New Ways of Treating Congestive Heart Failure at Bon Secours Baltimore Health System

For patients admitted to Bon Secours Hospital and diagnosed with congestive heart failure, the outcome is bright. The new Bedside Patient Education program is changing patient behavior and having a major impact on the number of returning cardiac patients.

“We had to rethink our strategies around patient care,“ says Dr. Athol Morgan, Chief of Cardiology at Bon Secours Baltimore Health System. “Too many of our congestive heart failure patients were returning to our Emergency Department for care of emergent health problems.”

In 2009, the Cardiology Department of Bon Secours Hospital launched their new patient education program. The program begins while patients are still in the hospital. “The most common reasons for repeat Emergency Department visits are failure to comply with education, diet instructions, and lack of follow-up with a physician,” comments Dr. Morgan. “We’ve established this program using existing resources. It contains both an in-patient and out-patient component.”

The in-patient portion of the new program includes a visit by TeleHeart nurse Joe Ann Murphy. “Once a patient has been in the hospital for two or three days, they are able to focus on the education materials that I provide,” says Joe Ann Murphy, RN. The tools Joe Ann gives each patient are easy to understand and remember, and they put some control back into the patients’ hands. “One of the reminders is a picture of a scale and a reminder to weigh themselves every day. If they gain three to five pounds from one day to the next, then they need to call their primary care physician, their cardiologist or me. We’ll get them in for a visit either that day or the next to adjust their medicine or determine what needs to be done,” says Joe Ann. The weight gain is an indication of fluid retention and, if left untreated, would result in a return visit to the Emergency Department within just a few days. “This is something they can do and see,” Joe Ann continues, “This everyone can understand!”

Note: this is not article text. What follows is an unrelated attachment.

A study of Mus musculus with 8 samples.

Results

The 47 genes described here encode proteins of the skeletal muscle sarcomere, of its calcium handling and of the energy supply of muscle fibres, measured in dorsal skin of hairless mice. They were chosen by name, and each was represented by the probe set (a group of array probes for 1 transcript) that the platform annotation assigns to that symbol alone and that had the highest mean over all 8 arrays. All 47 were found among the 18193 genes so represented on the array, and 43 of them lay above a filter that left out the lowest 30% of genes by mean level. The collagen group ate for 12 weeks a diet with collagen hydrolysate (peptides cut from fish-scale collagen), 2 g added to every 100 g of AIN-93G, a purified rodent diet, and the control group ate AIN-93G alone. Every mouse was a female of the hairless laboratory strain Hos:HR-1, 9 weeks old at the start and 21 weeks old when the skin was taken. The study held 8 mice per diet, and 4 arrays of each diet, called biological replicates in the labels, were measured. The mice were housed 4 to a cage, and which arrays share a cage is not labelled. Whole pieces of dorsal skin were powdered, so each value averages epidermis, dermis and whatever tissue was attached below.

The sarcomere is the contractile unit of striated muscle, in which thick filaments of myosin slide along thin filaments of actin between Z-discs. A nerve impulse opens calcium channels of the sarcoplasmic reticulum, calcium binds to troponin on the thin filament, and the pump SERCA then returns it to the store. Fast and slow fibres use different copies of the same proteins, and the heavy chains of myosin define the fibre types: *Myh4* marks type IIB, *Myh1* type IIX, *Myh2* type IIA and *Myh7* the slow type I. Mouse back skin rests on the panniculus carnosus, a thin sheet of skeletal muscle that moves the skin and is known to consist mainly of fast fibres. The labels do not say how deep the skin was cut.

After discharge, follow-up with patients includes assistance and support with their adherence to diet and medication plans, exercise and self-monitoring of their heart condition. The TeleHeart nurse provides phone consultations and in-home visits to patients, as well as classes at the hospital three times each month. “We’re helping make patients more responsible for their health and showing them better health choices,” says Joe Ann.

For many patients, each day means making the choice of how to spend their limited resources, literally it’s a choice between food and rent or prescription drugs to treat their congestive heart failure. Every dollar is a choice and the prescription can be overlooked until there’s a need for critical care resulting in another trip to the Emergency Department. The readmission rate of congestive heart failure patients since the inception of the program is just over 10%, down from more than 13% a year ago.

“Meeting with the patients while they are here, onsite, has made a difference.” says Dr. Morgan. “The results have been very positive.” The success of the program lies not only in the decline of the readmission rate, but the increased use of prescription medication and increases in physician consultations after discharge, both indicators of the patients’ increased knowledge and commitment to working with staff to handle the disease. By utilizing hospital staff, volunteers and TeleHeart program personnel, the Cardiology Team is making a difference in CHF patients and their improved quality of life.